STARKVILLE, Miss. -- With proper planning, it does not have to cost extra time and money to provide each family member with half a plate of fruits and vegetables at mealtime.
The U.S. Department of Agriculture’s MyPlate recommendation is for half our plates be filled with fruits and vegetables at every meal. The remaining 50 percent of the plate should include protein and grains (often meat and bread). USDA also promotes a serving of dairy.
“We want to make Mississippians more aware of the importance of fruits and vegetables in a healthy diet,” said Ginger Cross, assistant research professor at the Mississippi State University Social Science Research Center.
Cross is promoting the “WannaBee Healthy?” campaign, sponsored by a Science Education Partnership Award from the National Institutes of Health.
“While an occasional hamburger or hotdog may not hurt you, a steady diet of them can lead to various health problems,” she said. “We know from our research that northeast Mississippi residents feel that time and money are big obstacles to healthy eating.”
Cross recommended nutrition ideas on the “WannaBee Healthy?” website at http://partnershipsforhealthychildren.com/.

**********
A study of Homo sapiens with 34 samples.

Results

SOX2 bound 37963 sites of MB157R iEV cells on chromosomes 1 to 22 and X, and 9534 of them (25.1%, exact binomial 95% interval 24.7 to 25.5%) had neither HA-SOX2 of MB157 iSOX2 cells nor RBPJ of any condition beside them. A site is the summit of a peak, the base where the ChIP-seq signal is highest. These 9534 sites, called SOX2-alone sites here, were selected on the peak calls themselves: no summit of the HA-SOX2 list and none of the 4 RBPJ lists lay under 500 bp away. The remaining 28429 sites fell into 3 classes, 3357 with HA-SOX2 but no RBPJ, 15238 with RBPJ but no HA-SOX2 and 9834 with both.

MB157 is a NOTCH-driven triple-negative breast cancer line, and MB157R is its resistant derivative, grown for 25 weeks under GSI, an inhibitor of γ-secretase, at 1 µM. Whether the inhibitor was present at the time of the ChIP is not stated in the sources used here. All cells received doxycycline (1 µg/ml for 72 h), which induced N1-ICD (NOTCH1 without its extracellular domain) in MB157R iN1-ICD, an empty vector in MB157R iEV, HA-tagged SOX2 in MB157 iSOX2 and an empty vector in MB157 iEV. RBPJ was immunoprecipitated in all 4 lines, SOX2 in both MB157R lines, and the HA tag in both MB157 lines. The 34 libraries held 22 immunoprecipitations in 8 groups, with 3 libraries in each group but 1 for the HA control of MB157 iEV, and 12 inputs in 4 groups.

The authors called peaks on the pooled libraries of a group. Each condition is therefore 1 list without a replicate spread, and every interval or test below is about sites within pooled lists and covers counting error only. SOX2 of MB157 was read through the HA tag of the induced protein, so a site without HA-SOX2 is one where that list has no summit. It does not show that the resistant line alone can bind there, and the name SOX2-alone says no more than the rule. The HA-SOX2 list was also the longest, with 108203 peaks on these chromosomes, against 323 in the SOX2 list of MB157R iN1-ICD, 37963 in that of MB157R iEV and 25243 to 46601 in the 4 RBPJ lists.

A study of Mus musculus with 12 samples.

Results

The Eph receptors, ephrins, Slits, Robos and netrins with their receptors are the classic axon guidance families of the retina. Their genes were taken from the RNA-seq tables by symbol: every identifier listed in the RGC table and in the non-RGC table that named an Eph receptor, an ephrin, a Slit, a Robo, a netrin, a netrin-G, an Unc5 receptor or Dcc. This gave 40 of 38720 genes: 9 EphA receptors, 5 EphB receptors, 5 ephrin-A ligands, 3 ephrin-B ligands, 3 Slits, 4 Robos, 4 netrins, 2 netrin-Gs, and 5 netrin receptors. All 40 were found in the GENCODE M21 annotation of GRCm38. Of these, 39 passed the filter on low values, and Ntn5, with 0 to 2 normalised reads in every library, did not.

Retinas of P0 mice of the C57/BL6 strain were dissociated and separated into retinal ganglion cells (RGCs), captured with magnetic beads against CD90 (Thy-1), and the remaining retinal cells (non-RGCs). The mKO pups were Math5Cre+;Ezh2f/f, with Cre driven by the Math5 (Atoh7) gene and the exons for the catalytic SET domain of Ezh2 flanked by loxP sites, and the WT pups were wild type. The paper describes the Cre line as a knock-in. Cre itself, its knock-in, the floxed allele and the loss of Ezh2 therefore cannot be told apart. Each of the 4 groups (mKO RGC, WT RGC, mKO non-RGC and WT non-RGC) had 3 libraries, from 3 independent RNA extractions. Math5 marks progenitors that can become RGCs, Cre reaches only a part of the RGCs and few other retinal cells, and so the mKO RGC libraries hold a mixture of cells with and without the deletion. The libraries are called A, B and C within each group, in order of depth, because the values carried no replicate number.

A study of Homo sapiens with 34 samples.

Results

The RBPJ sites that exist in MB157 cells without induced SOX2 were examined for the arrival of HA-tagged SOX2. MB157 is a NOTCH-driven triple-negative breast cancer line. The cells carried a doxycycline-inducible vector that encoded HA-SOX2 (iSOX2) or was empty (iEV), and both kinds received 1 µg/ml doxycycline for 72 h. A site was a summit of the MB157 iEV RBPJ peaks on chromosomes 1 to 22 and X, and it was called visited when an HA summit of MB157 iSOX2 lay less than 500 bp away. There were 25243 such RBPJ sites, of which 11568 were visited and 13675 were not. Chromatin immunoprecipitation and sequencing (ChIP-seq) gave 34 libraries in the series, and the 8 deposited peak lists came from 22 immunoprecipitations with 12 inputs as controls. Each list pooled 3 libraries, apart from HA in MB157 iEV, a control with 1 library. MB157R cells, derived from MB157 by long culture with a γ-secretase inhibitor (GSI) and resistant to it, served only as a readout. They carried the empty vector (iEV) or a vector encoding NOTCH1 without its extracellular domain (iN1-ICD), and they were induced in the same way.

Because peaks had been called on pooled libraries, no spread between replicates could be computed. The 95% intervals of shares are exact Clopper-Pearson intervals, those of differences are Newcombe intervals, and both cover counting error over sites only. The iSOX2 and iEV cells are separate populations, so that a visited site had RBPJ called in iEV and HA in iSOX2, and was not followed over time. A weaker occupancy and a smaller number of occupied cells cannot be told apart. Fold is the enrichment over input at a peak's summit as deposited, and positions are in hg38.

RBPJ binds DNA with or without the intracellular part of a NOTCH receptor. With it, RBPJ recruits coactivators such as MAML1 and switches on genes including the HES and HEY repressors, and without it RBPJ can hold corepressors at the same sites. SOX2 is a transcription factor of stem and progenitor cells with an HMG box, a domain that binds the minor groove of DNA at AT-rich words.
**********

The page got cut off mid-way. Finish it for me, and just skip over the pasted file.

The website has resources for easy and low-cost recipe ideas and grocery lists that can make healthy foods more practical to buy and prepare.
“By planning meals, shopping smart and using low-stress cooking practices, families and individuals can prepare balanced meals without breaking the bank,” Cross said.
Brent Fountain, human nutrition specialist with the Mississippi State University Extension Service, said obesity does not happen overnight and reversing that trend will take time.
“Efforts to reverse the obesity trends will have to take place in many different areas, including the home, at school, at work and in our communities,” Fountain said. “Education is important, but education is not enough if what is learned cannot be acted on.”
Fountain said people need access to safe places to exercise and opportunities to find a wide variety of healthful foods.
“Even if education is prominent in a community and citizens are willing to make changes, these obesity trends will continue if they don’t have safe, affordable opportunities,” he said.
Fountain said fruits and vegetables should be the cornerstone of healthy diets.
“Don’t let busy schedules cause skipped meals or unhealthy fast options. Incorporate healthy snacks into a daily routine,” he said. “Plan ahead to avoid last-minute food decisions and poor dining choices.”